Updates to Cisco's Wireless LAN Solutions Engine are intended to help create coverage maps, detect rogue access points and, eventually, enable wireless LANs to be managed as extensions of wired networks.

SAN JOSE, Calif. -- Cisco Systems Inc. on Wednesday announced the availability of an updated version of its CiscoWorks Wireless LAN Solutions Engine, and the company elaborated on its plans for enabling more sophisticated wireless LAN management and easier deployment.

The 2.5 version of the Wireless LAN Solutions Engine (WLSE) allows users to detect rogue access points and create coverage maps to help with deploying new access points. It also aids with interference detection.

The WLSE allows for the centralized management of wireless LANs and represents the first stage in Cisco's plan to make its wired networks wireless-aware, said Larry Birenbaum, senior vice president of Cisco's Ethernet access technology group, during a press briefing. The WLSE can manage networks with up to 2,500 access points.

Cisco's vision for wireless LAN management, however, goes far beyond a simple device on the network. Beginning in 2004, Cisco will build wireless LAN management capability into the network itself, Birenbaum said.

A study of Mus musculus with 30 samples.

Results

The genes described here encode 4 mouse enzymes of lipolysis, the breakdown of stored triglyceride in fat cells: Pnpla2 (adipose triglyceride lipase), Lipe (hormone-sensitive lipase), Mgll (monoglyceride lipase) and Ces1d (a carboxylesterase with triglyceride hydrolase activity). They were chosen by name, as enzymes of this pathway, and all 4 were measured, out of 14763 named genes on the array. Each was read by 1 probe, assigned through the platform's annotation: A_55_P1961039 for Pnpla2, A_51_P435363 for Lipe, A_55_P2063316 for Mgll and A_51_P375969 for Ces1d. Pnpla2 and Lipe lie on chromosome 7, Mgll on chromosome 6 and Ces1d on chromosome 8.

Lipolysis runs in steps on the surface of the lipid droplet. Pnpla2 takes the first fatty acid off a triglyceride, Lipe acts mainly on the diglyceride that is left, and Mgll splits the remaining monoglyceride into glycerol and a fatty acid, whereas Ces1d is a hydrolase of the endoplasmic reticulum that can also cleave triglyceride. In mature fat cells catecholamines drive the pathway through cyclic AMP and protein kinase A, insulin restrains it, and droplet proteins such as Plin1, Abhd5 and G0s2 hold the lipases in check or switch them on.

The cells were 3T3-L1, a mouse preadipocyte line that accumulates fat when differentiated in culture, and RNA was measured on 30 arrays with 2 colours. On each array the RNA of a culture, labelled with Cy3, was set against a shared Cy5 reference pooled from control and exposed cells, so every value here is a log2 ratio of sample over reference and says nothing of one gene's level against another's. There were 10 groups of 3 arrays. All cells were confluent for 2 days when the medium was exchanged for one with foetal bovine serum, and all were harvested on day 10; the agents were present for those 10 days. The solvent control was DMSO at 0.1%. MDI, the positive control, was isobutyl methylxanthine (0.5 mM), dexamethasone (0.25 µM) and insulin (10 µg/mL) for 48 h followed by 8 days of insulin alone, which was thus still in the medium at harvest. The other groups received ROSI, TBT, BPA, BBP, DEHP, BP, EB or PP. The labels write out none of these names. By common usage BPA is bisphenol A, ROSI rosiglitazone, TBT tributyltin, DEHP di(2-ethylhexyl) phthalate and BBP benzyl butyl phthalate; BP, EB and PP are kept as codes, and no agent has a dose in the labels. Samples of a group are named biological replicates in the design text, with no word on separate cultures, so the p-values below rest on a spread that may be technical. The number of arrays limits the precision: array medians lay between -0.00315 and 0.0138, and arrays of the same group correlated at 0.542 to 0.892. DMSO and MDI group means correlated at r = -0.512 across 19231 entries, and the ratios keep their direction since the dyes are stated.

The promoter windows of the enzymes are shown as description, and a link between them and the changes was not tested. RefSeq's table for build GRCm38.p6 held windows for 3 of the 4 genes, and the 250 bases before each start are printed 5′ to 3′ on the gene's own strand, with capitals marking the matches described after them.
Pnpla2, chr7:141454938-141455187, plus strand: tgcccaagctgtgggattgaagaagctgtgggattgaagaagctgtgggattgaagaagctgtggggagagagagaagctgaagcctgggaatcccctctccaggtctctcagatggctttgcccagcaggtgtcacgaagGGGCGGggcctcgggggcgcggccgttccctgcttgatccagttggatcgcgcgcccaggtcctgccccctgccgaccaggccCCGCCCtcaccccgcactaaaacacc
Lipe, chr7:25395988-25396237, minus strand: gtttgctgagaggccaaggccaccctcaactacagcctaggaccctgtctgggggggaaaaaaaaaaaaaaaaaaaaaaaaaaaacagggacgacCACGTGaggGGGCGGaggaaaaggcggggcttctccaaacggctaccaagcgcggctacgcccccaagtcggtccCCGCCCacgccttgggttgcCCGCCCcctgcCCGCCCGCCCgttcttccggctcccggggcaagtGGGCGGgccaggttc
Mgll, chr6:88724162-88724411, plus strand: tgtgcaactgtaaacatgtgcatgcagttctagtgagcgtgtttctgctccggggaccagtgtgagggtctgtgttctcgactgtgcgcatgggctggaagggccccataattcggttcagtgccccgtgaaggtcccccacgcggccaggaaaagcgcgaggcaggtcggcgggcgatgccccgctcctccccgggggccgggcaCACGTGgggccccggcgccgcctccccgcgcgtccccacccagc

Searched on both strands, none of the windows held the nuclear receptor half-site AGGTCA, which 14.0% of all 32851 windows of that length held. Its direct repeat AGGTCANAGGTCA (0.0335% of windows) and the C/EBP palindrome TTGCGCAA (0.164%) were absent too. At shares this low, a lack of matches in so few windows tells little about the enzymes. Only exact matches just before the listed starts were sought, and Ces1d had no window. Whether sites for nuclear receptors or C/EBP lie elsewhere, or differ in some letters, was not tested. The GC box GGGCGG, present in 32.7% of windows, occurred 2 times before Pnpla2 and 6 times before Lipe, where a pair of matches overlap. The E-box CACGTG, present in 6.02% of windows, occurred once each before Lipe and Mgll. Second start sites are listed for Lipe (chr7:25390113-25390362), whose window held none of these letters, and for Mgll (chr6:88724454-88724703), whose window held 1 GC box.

The initiative, called the Structured Wireless-Aware Network (SWAN), will roll out over a number of years. Next year, Cisco will make software upgrades available that act as an overlay for its routers. Network administrators will then be able to use the same command line interface to manage both wired and wireless networks.

The goal is to make the wireless network truly an extension of the wired network, said Shripati Acharya, a product line manager with Cisco's wireless networking business unit. With wireless LAN management in the network, Wi-Fi networks will better support roaming.

More products will be released during the next two years to further integrate wireless LANs with wired networks.

In addition, Cisco plans to use wireless network devices to help manage wireless LANs. Its Cisco Compatible Extensions (CCX) technology, which the company licenses for free to chip manufacturers and OEMs, is now present in products from nearly all the major wireless vendors.

That technology enables Cisco's WLSE to use those devices to monitor the radio frequency environment, giving IT administrators a more accurate view of the wireless network than they would have by using access points, Birenbaum said.

For the near future, this advanced management functionality will only be available on end-to-end Cisco systems. Since Cisco provides both the wireless and wired infrastructure, the company is in a unique position to benefit, Birenbaum said.